Augmented reality is a concept which is only now taking hold of our world. From Pokemon Go to Mario Dash, tech corporations are heading straight into the unknown and unfiltered world of augmented reality with little to hold them back. While these amazing tools can be applied to help people experience the world in a new way, the very same mechanism can be used to trap us within it. It's always interesting to see what creative spark can manifest in the internet, and to see this come alive with technology is as close as you can get magic - seeing is believing after all, isn't it?
As a condition which affects over 300 million around the world, colorblindness can dramatically change how a person experiences life. To help bring hope to those unable to see in their natural state, Valspar Paint has partnered with EnChroma to help show individuals what everything really looks like to average eyes. Through their campaign #ColorForAll, Valspar provides these people with colorblindness correcting eyeglasses which enable their eyes to filter out different hues of light and view the the world in its full spectrum.
The Necronomicon mentioned by H.P. Lovecraft is more than an account of Cthulhu and a source of creepy art by H.R. Giger. The Necronomicon "book of the dead" is an ancient manual of spells and incantations which was rediscovered in the 1920's. Certain details of the text were published by Lovecraft, though he was but one of several authors of the time who mention the cursed book in their works.
The Centers for Disease Control and Prevention (CDC) state that insufficient sleep is a serious public health concern, because it can lead to many immediate dangers such as car crashes as well as long-term health problems like diabetes. The blame for sleep deprivation is often pinned on our fast-paced, 24/7 lifestyle, made possible by electric lighting at all times of day and night.
As plumes of vapor spread across the country, e-cigarettes have seemingly found a home in the lungs of many willing participants. With arguments mounting on both sides of the spectrum, very few answers have been given about the real effects of "water vapor," but one study may have pinned it. According to new research in the journal, Environmental Science: Processes & Impacts, most experts agree that e-cigarettes are safer than traditional ones, but also bring a variety of new health concerns into the mix.
If you haven't noticed by now, there's quite a few questions which humanity has yet to explain fully. Science is just starting to understand quantum potentials in our universe, philosophers are blurring the lines of the world of physics as we know it, and Youtube is unexpectedly evolving into a platform which these discoveries are unveiled in an informative, and yet entertaining way.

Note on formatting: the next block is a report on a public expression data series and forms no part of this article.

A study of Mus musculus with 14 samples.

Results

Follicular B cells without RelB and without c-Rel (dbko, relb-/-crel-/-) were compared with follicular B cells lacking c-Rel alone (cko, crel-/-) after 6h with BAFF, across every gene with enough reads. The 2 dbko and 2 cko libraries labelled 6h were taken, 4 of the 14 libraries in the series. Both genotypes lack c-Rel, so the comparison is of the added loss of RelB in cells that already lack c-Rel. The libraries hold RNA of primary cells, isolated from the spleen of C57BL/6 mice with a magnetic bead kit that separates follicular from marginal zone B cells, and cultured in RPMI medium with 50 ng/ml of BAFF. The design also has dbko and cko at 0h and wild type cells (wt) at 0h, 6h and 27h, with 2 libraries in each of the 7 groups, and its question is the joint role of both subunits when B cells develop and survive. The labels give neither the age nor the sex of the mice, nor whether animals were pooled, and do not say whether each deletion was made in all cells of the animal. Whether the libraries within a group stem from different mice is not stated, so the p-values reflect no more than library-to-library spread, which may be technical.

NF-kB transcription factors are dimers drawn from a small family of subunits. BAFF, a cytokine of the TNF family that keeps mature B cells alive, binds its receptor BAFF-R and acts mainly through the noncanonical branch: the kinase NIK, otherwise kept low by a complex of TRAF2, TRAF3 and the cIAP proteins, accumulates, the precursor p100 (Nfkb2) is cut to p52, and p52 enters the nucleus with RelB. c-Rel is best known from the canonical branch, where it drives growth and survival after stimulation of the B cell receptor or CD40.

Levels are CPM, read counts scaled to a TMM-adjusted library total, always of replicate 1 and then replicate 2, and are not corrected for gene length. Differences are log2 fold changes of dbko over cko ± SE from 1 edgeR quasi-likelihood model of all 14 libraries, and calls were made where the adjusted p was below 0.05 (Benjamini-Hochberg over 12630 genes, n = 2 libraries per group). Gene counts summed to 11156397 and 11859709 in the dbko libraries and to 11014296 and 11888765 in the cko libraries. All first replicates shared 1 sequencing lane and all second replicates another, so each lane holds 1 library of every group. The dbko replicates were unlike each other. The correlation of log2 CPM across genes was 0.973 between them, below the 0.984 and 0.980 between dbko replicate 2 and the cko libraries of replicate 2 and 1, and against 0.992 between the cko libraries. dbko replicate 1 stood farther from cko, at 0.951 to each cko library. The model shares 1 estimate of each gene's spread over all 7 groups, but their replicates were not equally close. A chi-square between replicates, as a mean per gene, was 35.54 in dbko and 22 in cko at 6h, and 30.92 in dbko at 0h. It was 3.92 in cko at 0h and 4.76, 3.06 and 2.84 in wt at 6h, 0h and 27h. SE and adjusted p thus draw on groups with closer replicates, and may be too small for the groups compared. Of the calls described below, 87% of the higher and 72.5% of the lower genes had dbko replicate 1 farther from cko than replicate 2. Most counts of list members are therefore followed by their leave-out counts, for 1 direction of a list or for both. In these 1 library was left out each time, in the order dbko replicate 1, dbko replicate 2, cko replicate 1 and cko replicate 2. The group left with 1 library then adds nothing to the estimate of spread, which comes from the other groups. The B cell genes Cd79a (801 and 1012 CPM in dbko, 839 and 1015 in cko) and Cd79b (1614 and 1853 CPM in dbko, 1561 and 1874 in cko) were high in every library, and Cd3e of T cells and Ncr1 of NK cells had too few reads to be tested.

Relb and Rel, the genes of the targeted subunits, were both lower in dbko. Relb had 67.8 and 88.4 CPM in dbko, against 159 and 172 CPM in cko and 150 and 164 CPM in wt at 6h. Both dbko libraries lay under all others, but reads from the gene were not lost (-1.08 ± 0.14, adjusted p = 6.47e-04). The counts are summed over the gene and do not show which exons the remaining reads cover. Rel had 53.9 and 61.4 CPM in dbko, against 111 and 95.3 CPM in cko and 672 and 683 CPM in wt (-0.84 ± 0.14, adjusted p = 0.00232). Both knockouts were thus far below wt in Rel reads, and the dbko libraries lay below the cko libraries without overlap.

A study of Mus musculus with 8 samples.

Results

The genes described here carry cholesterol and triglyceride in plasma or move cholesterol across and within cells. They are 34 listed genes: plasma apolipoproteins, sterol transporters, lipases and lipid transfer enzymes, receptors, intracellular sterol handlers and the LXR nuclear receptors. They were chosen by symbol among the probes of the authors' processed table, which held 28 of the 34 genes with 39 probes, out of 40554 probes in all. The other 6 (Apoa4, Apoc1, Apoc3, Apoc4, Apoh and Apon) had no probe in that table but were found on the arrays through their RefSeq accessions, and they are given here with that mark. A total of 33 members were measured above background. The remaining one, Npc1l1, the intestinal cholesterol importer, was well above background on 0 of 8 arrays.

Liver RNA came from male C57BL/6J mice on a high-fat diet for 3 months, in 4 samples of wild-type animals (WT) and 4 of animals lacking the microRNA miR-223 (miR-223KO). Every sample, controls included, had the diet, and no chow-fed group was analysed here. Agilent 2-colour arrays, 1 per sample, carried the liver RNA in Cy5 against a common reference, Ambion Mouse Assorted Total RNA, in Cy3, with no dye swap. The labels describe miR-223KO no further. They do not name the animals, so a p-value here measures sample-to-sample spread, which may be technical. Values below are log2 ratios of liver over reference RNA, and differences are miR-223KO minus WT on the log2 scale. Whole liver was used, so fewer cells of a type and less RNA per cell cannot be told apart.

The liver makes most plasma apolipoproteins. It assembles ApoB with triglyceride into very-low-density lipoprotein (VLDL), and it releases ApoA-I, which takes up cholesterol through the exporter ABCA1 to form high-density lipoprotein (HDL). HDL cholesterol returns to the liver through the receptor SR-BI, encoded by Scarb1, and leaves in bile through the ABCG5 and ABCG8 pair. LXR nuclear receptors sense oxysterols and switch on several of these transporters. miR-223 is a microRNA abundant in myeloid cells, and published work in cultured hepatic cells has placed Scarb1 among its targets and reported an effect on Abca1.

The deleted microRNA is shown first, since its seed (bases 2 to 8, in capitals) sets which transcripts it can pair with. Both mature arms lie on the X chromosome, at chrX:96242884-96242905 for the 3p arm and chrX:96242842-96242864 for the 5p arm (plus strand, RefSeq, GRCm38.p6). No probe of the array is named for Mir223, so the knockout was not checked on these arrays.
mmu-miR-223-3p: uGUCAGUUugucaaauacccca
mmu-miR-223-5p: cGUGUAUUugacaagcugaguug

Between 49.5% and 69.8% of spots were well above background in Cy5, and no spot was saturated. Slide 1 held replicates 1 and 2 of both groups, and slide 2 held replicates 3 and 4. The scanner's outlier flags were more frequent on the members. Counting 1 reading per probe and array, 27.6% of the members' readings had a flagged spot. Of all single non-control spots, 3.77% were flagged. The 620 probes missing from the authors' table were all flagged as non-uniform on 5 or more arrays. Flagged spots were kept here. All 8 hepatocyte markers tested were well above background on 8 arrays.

Exurb1a's current Youtube channel takes a softer approach to explaining many of the Universal questions boggling the brightest minds while maintaining a deep sense into the psychology of the modern thinker.
The human face is incredibly versatile in projecting thought and emotions, including one in particular, the angry face. As a behavior that's remarkably similar despite language barriers or even entire species, the question isn't who displays anger, but why? “The expression is cross-culturally universal, and even congenitally blind children make this same face without ever having seen one,” said lead author Aaron Sell, a lecturer at the School of Criminology at Griffith University in Australia.
The Galapagos Islands are world-famous as a laboratory of biological evolution. Some 30 percent of the plants, 80 percent of the land birds and 97 percent of the reptiles on this remote archipelago are found nowhere else on Earth. Perhaps the most striking example is the islands’ iconic giant tortoises, which often live to ages over 100 years in the wild. Multiple species of these mega-herbivores have evolved in response to conditions on the island or volcano where each lives, generating wide variation in shell shape and size.
Genuine questions about our world may finally be answered if all goes according to plan. Using a fairly complex device called the Holometer or "holographic interferometer," scientists split a laser in two and beam them through a perpendicular path until they reach mirrors which bounce back and recombine with the beam splitter. By analyzing fluctuations or waves in the beams, researchers hope to find "holographic noise" which could probe the very nature of space-time itself.